Maitland’s new $470 million dollar hospital at Metford is on track to open in January 2022, with planning for the transfer of patients and staff well underway.
The new Lower Hunter Valley hospital, which is nearing completion, is almost double the size of the existing facility, with 150 more beds, bringing the total to about 340.
For the first time, chemotherapy, emergency short stay and cardiac catheterisation will be available in Maitland and health authorities insist there is room for future expansion.
Hunter New England Heath’s Ramsey Awad said it would be one of the biggest hospital moves ever undertaken by NSW Health.
“There’s a lot of complexity in moving services and patients across,” he said.
“There’ll be a combination of ambulances and patient transport vehicles and we will prioritise our sickest patients.
“That will be supported by a lot of removalists moving the more mundane items like some furniture and medical equipment.
“Ideally, before Christmas, we want the entire hospital set up and ready to go, so once we return back from the Christmas break we can very smoothly make that transfer.”
Dr Awad said the current hospital, which was built in 1849, had become well past its used-by date.
“Staff have been working out of facilities which are ancient,” he said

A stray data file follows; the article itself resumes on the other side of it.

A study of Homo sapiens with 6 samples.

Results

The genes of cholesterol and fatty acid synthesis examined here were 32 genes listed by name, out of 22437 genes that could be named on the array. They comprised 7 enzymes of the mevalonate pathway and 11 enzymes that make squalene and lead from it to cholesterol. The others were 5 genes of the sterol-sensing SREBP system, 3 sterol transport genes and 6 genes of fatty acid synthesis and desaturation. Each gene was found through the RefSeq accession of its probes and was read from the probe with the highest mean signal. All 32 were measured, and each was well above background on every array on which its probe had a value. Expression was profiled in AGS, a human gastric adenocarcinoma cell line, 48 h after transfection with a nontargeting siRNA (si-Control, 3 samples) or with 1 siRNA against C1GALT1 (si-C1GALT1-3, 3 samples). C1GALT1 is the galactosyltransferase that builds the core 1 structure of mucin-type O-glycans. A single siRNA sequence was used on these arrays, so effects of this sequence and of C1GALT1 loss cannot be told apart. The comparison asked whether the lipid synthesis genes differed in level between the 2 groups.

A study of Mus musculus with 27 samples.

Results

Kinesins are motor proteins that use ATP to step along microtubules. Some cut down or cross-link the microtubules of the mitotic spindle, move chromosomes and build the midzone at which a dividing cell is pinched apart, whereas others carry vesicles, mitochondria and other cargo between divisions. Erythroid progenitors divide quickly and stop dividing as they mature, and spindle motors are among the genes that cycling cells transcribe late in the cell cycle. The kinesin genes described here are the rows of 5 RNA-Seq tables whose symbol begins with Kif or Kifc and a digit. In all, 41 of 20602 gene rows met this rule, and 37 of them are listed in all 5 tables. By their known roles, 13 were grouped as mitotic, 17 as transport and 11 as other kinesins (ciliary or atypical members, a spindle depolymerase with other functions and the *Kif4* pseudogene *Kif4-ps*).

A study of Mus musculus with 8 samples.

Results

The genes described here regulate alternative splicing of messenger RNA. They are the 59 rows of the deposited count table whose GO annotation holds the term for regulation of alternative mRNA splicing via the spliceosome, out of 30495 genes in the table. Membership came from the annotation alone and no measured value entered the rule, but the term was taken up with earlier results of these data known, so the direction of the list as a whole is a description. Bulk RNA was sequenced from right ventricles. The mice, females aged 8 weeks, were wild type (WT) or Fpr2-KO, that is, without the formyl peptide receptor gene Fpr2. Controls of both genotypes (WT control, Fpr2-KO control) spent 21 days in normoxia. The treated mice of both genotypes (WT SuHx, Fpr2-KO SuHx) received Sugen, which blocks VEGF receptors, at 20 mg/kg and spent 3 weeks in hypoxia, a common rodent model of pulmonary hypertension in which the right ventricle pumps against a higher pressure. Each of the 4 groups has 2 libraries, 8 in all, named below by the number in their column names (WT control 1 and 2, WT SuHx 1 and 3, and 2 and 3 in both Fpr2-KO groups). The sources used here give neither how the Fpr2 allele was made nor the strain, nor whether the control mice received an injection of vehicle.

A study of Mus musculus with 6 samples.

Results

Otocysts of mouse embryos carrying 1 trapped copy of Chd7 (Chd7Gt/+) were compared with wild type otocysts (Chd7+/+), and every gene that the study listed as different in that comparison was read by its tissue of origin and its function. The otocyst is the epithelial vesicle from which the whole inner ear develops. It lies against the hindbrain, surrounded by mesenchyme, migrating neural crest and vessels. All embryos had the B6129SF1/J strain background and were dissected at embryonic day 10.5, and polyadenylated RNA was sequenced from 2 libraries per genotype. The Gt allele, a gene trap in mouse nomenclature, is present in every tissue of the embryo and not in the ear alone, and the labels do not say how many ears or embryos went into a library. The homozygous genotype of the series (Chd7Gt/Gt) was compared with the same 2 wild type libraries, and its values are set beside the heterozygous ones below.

“I think the the biggest change for them will be getting used to modern, contemporary facilities where everything works, we have lots of gas points and doors that don’t fall off hinges anymore.”
Will there be enough staff?
Nurses have raised concerns over whether all 150 new beds will be able to open at the new site without more staff.
Kathleen Chapman is the Maitland branch secretary of the Nurses and Midwives Association and says her members are still waiting for details on staffing levels.
“Some of the staff are excited for a nice, new environment,” she said.
“But many of our members are still really concerned that the services we take over won’t match what the population needs.
“So we feel like maybe it’s putting makeup over blemishes — it’ll look good, but we’re taking across all the [under-staffing] issues we’ve got here.”
Adapting to COVID
NSW Health ensured all current construction projects were redesigned to cater for COVID requirements.
“Those changes include creating rooms like the resuscitation bay that can be isolated both physically and from a ventilation perspective,” Dr Awad said.
“So we have negative flow, which essentially means that air is being sucked out of that room instead of being pushed into the rest of the emergency department.”
Once the new hospital opens, the existing hospital will be decommissioned and closed.
MP for Maitland Jenny Aitchison is worried there has been no announcement from the NSW government on what will happen with the building.
“I think there needs to be some serious consultation on this issue,” she said.
“The problem for me is the government’s had well over 10 years since they made the announcement they were going to build this hospital.
“They’re still standing around at the last minute and they won’t tell the community what they want to do with it.